A recent cross-sectional study of men treated for metastatic CRPC (mCRPC) at the Memorial Sloan Kettering Cancer Center in New York, New York, strengthened the case that androgen-receptor splice variant 7 (AR-V7) plays a role in tumors’ ARS inhibitor drug resistance and is a promising biomarker for informing treatment selection decisions. The findings, published in JAMA Oncology, show that CTC expression of AR-V7 protein predicts ARS inhibitor therapy failure. Furthermore, CTC AR-V7 is associated with longer survival times among patients who were treated with taxane-based chemotherapy (overall survival [OS]: 8.9 months versus 4.6 months; P = .035).

The study utilized immunofluorescence protein assay, whereas previous work with CTC AR-V7 has used immunohistochemical (IHC) testing. While the findings are exciting, they must now be validated in prospective trials.


He noted that cell-line studies show that AR-V7 confers resistance to both enzalutamide and abiraterone treatment, and niclosamide—a potent inhibitor of AR-V7—can re-sensitize resistant cells to both drugs. 

In a commentary essay about the study, Dr Figg noted that AR-V7 itself is a promising target for drug development, and that this could change the treatment-selection implications of the AR-V7 biomarker.4

“The investigators suggest that AR-V7 status can be used to help guide optimal treatment choices by eliminating abiraterone and enzalutamide as potential therapies in AR-V7 positive status patients,” wrote Dr Figg. “Another viewpoint is that if AR-V7-targeting therapies become available then AR-V7 as a biomarker should not exclude abiraterone and enzalutamide treatment in AR-V7 positive patients; rather it should include these treatments along with an AR-V7-targeting therapy. AR-V7 detection could then help prevent treatment failure seen with abiraterone and enzalutamide.”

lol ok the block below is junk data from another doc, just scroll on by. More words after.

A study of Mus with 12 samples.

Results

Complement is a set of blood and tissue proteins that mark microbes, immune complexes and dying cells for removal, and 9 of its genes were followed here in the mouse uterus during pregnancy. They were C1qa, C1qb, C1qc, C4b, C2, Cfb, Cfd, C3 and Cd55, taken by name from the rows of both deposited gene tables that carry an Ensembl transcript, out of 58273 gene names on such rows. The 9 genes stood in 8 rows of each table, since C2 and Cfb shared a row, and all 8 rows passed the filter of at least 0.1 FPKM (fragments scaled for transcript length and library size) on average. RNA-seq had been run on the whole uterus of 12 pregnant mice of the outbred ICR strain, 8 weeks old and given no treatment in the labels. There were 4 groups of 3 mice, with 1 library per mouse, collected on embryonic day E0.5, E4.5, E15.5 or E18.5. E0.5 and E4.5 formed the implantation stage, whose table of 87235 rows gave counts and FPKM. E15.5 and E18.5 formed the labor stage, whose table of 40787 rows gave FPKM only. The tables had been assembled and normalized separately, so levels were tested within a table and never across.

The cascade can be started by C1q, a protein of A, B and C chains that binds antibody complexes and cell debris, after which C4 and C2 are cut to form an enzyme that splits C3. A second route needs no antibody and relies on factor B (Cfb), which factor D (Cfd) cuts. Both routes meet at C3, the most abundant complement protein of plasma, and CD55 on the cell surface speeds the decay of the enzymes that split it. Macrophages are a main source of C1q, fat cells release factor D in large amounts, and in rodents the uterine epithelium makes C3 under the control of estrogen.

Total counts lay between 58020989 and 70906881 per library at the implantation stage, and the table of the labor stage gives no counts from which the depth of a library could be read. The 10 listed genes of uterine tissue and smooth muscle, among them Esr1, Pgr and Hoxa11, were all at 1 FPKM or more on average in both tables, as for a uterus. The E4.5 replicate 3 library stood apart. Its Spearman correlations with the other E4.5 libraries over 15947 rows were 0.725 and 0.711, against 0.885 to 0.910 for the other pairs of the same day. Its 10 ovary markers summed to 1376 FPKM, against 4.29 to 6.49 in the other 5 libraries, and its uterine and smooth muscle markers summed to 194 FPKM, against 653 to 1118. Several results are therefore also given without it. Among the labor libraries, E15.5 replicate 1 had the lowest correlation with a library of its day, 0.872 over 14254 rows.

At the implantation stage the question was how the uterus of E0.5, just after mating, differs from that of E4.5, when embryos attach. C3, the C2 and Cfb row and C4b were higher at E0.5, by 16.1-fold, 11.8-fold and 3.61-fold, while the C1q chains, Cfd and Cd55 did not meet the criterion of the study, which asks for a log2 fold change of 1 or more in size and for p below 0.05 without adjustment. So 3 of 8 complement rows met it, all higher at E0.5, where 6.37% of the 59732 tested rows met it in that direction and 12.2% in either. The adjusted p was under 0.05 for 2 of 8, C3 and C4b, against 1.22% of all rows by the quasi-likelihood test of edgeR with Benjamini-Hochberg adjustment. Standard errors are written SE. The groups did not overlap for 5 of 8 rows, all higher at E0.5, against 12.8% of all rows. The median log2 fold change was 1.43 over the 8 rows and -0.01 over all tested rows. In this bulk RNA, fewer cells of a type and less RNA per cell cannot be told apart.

A phase 1 clinical trial is underway to demonstrate the efficacy of the combination of niclosamide with enzalutamide, and whether niclosamide reduces the amount of AR-V7, thereby promoting the anti-tumor effects of enzalutamide.

“It remains to be determined the effect of the combination treatment on AR-V7 expression, and monitoring for this potential biomarker is warranted as we move forward to develop novel AR-V7 inhibitors,” Dr Figg said.

Dr Armstrong is leading a multicenter prospective clinical validation study for several AR-V7 biomarker platforms among patients with mCRPC—one of several such validation studies now underway to assess which circulating biomarkers can best help to personalize clinical decision making in prostate cancer management.

“It is not a simple question,” cautioned Dr Armstrong. “Each assay has different sensitivity and clinical data and some men who are AR-V7 positive may still respond to these agents, and many men without AR-V7 detection can still be resistant to these agents.”